The 1.7 percent drop in output from a month earlier — worse than a 0.5 percent decline expected by the market — came as a new conservative government took power this week on a campaign that pledged to inject new life into the country’s limp economy, after it won a landslide election earlier this month.
Japan’s economy has been hurt by a strong yen, turmoil in the key European market and the global economic slowdown, confounding the nation’s recovery from the 2011 quake-tsunami disaster and nuclear crisis.
A territorial dispute with Beijing has also weighed on Japanese exports due to a consumer boycott in China stemming from the spat.
The figures reversed a revised 1.6 percent uptick in October factory production, with the economy ministry warning Friday that output was “on a downward trend”.
A survey of manufacturers, however, offered a measure of positive news with producers expecting output to rise 6.7 percent in December and 2.4 percent in January.
Masamichi Adachi, senior economist at JPMorgan Securities Japan, was cautiously optimistic, saying production would “probably” turn positive in the first quarter of 2013.
And that “will probably lead to positive growth in the gross domestic product as well,” Adachi told Dow Jones Newswires.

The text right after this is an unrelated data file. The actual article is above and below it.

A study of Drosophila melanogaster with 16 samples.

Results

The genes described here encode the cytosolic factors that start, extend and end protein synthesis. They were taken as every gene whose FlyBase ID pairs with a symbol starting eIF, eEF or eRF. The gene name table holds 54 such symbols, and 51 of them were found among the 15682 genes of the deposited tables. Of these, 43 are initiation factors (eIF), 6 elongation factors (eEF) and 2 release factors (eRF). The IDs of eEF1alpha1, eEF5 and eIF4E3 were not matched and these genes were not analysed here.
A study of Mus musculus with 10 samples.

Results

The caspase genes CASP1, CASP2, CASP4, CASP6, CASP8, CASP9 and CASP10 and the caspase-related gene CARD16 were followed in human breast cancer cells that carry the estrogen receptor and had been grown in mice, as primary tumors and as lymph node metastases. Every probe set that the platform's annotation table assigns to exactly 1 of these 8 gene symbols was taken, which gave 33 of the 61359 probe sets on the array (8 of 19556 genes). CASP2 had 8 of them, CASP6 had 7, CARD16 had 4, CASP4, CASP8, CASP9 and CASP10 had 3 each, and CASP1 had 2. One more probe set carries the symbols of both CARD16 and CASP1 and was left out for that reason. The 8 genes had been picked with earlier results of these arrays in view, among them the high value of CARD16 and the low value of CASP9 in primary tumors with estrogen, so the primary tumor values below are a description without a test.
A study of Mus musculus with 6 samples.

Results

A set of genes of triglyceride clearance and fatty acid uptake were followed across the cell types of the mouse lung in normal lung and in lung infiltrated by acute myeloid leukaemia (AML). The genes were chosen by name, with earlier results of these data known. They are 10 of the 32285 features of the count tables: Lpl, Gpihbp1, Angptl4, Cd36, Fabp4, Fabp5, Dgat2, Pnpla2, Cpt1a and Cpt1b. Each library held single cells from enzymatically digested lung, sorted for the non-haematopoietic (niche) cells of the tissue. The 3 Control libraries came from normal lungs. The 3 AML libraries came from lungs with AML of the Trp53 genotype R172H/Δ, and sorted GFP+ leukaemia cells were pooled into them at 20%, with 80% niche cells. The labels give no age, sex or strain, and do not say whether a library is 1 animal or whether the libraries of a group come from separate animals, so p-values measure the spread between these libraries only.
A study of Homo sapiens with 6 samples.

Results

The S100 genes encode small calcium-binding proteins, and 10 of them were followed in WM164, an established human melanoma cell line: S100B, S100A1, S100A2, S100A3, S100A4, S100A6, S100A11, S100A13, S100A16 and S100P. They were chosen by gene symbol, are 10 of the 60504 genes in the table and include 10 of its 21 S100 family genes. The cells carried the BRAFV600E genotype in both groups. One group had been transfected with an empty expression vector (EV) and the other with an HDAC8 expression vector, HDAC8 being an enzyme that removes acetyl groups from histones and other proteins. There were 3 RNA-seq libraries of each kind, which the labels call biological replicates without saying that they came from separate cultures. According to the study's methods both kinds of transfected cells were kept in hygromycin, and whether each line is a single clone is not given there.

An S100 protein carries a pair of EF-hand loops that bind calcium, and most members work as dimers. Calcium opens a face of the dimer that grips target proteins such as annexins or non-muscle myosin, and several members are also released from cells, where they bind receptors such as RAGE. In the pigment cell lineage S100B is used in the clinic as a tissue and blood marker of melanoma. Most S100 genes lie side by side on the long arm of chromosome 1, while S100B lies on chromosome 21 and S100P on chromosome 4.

Last week, the Bank of Japan launched its third major round of monetary easing since September when its counterparts in the US and Europe also made big policy moves. But critics, notably newly installed Prime Minister Shinzo Abe, say Japan’s central bank has not done enough to turn around the lumbering economy.
The BoJ’s own quarterly Tankan survey this month showed confidence among Japanese manufacturers hit a near three-year low in the final months of 2012.
Abe’s Liberal Democratic Party officially took power Wednesday as the yen weakened further on speculation that the 58-year-old’s pressure campaign on the central bank would see it roll out more aggressive action.
The Tokyo stock market has surged — hitting its highest level since last year’s disasters on Thursday—on the weaker currency and as investors cheered a new government which has pledged to fix the long-suffering economy.